Science Vs
Science Vs
Dec 12, 2019
Healthcare: How Do We Fix It?
Play episode · 38 min

American healthcare has big problems. Some say the solution is Medicare For All: one government plan for everybody. But others say government healthcare would be worse than what we already have. Who’s right? And how did things get this bad? We talk to health policy researchers Prof. Harold Pollack and Robin Osborn. 


Check out the full transcript here: https://bit.ly/38ye0cY 


Selected references: 


Credits:

This episode was produced by Rose Rimler with help from Lexi Krupp along with Wendy Zukerman, Michelle Dang, and Meryl Horn. We’re edited by Caitlin Kenney. Fact checking by Michelle Harris. Mix and sound design by Peter Leonard. Music written by Peter Leonard, Emma Munger, Bobby Lord, and Marcus Bagala. Recording assistance from Sofi LaLonde, David DesRoches, Dennis Maler, and James Delahoussaye. A huge thanks to all of the people with diabetes we spoke with-- thanks so much! Also big thanks to Dr. Irene Papanicolas, Prof. Steven Woolf, Dr. Kasia Lipska, Elizabeth Pfiester, Professor Kevin Schulman, Dr. Eric Schneider, Dr. Chris Pope, Cynthia Cox, Lois Rogers, and everyone else we spoke to for this episode. And special thanks to the Zukerman family and Joseph Lavelle Wilson.

Radiolab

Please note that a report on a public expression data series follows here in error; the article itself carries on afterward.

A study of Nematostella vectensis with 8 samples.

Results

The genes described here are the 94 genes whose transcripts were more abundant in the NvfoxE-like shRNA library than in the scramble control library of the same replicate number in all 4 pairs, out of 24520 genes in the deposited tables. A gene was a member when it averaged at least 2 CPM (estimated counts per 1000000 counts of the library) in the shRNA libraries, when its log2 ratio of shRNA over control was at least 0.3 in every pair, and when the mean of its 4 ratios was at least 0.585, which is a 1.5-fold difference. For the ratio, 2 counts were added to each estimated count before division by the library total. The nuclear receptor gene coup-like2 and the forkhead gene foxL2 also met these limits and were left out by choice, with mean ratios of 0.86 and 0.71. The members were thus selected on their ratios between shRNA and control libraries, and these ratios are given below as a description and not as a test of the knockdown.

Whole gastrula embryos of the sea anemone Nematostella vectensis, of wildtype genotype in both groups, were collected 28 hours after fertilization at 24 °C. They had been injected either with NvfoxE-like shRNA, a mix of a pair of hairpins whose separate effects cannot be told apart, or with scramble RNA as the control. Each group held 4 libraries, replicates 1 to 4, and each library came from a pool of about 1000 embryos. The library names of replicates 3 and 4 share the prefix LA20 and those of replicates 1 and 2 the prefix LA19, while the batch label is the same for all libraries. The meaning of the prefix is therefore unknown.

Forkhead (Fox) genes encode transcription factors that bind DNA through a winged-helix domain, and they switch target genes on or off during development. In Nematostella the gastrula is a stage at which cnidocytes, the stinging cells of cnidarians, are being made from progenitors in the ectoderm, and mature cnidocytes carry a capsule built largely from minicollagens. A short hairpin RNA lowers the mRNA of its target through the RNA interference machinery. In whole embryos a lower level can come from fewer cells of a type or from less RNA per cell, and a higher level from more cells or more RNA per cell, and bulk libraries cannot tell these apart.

Radiolab
WNYC Studios
Kittens Kick The Giggly Blue Robot All Summer
With the recent passing of Ruth Bader Ginsburg, there's been a lot of debate about how much power the Supreme Court should really have. We tend to think of the Supreme Court justices as all-powerful guardians of the constitution, issuing momentous rulings from on high. They seem at once powerful, and unknowable; all lacy collars and black robes. But they haven’t always been so, you know, supreme. On this episode of More Perfect, we go all the way back to the case that, in a lot of ways, is the beginning of the court we know today. Also: we listen back to a mnemonic device (and song) that we created back in 2016 to help people remember the names of the justices. Listen, create a new one, and share with us! Tweet The key links: - Akhil Reed Amar's forthcoming book, The Constitution Today: Timeless Lessons for the Issues of Our Era - Linda Monk's book, The Words We Live By: Your Annotated Guide to the Constitution The key voices: - Linda Monk, author and constitutional scholar - Akhil Reed Amar, Sterling Professor of Law at Yale - Ari J. Savitzky, lawyer at WilmerHale The key cases: - 1803: Marbury v. Madison - 1832: Worcester v. Georgia - 1954: Brown v. Board of Education of Topeka (1) - 1955: Brown v. Board of Education of Topeka (2) Additional music for this episode by Podington Bear. Special thanks to Dylan Keefe and Mitch Boyer for their work on the above video. Support Radiolab by becoming a member today at Radiolab.org/donate.